This eyecatcher is a large, open ended, cast steel wrench from the Erie Railroad. It would be perfect mounted over a chimney mantel piece, or on a train room wall! It's in superb condition and carries the "W in a diamond / U.S.A." logo of the J. H. Williams Company, a leader in American tool making and the first company to utilize the drop forge production technique.
Midway down the shaft is stamped ERIE R.R. Each end is stamped with the size: the larger is 1-1/16 (inch), the smaller is 7/8 (inch). On the side opposite the larger mark is stamped the Williams Company trademark logo.
CONDITION is fabulous - as solid and sound as the first day an Erie Railroad worker picked it up to use it. There are absolutely no cracks, splits or any kind of metal damage. It has a terrific patina and color that has deepened to a gunmetal gray. There are some light, allover surface marks from use, but these hurt absolutely nothing and add a lot of character.
IMPORTANT - some of our pictures have a brownish cast - it is NOT rusty !!
This is one of the best types of collectibles - go ahead and use it ! Short of outright abuse, you cannot hurt it. This piece can be cared for the same as cast iron, with 0000 steel wool and high quality household lubricating oil. All it needs now is a great spot where an appreciative collector can enjoy it !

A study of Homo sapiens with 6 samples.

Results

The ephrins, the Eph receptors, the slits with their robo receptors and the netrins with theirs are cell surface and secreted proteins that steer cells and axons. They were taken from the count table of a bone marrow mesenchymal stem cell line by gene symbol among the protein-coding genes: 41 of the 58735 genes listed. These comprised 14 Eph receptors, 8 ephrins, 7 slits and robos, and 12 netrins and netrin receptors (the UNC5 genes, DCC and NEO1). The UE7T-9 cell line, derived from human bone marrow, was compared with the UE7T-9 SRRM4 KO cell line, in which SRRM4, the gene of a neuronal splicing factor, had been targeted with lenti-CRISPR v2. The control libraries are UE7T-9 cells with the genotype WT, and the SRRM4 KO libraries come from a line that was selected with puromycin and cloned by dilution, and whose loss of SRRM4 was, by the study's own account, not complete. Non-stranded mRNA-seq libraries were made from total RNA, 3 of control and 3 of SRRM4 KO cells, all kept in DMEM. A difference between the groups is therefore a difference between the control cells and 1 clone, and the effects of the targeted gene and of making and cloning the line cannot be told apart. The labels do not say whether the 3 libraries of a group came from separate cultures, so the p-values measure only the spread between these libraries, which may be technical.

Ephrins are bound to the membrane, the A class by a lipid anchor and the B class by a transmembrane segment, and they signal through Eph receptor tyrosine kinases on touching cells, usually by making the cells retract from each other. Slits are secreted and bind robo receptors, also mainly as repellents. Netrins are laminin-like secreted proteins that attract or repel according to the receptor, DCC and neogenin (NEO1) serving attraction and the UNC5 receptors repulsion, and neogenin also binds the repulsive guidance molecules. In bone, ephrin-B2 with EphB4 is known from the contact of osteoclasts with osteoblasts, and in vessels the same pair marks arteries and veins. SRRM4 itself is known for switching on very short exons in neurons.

BACKGROUND: In 1882, James Harvey Williams and Matthew Diamond founded Williams & Diamond in Flushing, New York, one of the USA's first businesses to mass produce drop-forged hand tools. They relocated to Brooklyn in 1884, and took the name J.H. Williams & Co in 1887, then fully incorporated in 1895. Williams was incredibly shrewd as a businessman and also as an employer, sincerely caring about his employees as friends and highly valuing their respect. In that regard, he endeavored to offer the best possible wages along with comfortable working conditions -- a creative example was establishing the first shower baths available to factory workers. After Mr. Williams' sudden, totally unexpected passing in 1904, his sons took over. A second factory was opened in Buffalo, New York in 1914 (now the site of General Motors' Tonawanda Engine plant). The company succeeded and grew over the ensuing years, remaining in the family. It was acquired by Snap-on Tools in 1993.